Drama Prof Named to Royal Society


“This is wonderful and well-deserved recognition for Prof. Thompson,” said Charlotte Yates, U of G’s provost and vice-president (academic).

“Judith Thompson is a highly respected playwright, director, screenwriter, actor and producer as well as an excellent teacher and mentor. University of Guelph is fortunate to have her on our faculty.”

Malcolm Campbell, vice-president (research) added: “Professor Thompson’s scholarly contributions have enriched the arts in Canada. She is a prolific writer whose works have resonated with audiences around the world. Her election to the Royal Society recognizes these accomplishments, and the entire University community is thrilled that she has received this prestigious honour.”

Thompson will be among 87 new fellows to be inducted at a Nov. 27 ceremony in Victoria, B.C.

Founded in 1882, the Royal Society of Canada is the country’s oldest and most prestigious scholarly organization. Fellows are elected by their peers to recognize outstanding scholarly, scientific and artistic achievement.

The Royal Society citation calls Thompson “one of the best and most produced playwrights in the English-speaking world.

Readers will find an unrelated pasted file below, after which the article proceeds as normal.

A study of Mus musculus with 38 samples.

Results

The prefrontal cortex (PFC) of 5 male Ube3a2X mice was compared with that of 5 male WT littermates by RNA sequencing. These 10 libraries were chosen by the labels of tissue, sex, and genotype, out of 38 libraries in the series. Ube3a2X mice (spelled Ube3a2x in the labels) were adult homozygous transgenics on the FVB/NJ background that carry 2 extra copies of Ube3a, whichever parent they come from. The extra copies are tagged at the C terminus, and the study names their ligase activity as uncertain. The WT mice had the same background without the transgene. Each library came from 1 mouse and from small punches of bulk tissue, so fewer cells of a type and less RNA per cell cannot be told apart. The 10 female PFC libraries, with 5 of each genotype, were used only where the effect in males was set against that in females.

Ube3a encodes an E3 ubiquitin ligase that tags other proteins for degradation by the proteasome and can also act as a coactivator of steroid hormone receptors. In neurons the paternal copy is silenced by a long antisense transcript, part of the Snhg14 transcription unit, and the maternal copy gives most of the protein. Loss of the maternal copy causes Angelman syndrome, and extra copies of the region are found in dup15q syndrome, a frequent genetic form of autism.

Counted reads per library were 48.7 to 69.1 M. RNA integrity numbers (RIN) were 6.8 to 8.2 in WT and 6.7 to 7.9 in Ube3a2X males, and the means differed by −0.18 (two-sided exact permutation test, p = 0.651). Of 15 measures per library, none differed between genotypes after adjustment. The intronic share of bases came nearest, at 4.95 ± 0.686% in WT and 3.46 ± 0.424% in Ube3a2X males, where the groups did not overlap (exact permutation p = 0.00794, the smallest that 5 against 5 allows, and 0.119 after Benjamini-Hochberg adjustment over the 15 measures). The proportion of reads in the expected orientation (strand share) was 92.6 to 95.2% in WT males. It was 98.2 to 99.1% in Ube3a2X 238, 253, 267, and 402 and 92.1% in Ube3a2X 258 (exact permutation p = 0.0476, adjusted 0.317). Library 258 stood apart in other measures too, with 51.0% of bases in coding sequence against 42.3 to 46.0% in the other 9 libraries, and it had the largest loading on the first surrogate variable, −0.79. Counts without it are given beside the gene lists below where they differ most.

“A formal innovator, she established that reputation by giving voice to people who are rarely heard — recording the experiences of the disenfranchised — and by speaking the rarely acknowledged truths of the human condition.”

A professor in the School of English and Theatre Studies in the College of Arts since 1992, Thompson has written 19 plays. In 2014 she returned to acting after a 35-year hiatus, performing in her own one-woman play, Watching Glory Die.

Thompson has won the Amnesty International Freedom of Expression Award and was the first Canadian to receive the international Susan Smith Blackburn Prize.

A two-time winner of the Governor General’s Literary Award for Drama, she has also won the Dora Mavor Moore Award, the Floyd S. Chalmers Canadian Play Award, a Toronto Arts Award, and the Walter Carsen Prize for Excellence in the Performing Arts,

She’s been nominated twice for both Genie and Gemini awards.

An Officer of the Order of Canada, Thompson was also the subject of The Masks of Judith Thompson, a book by U of G theatre studies professor Ric Knowles.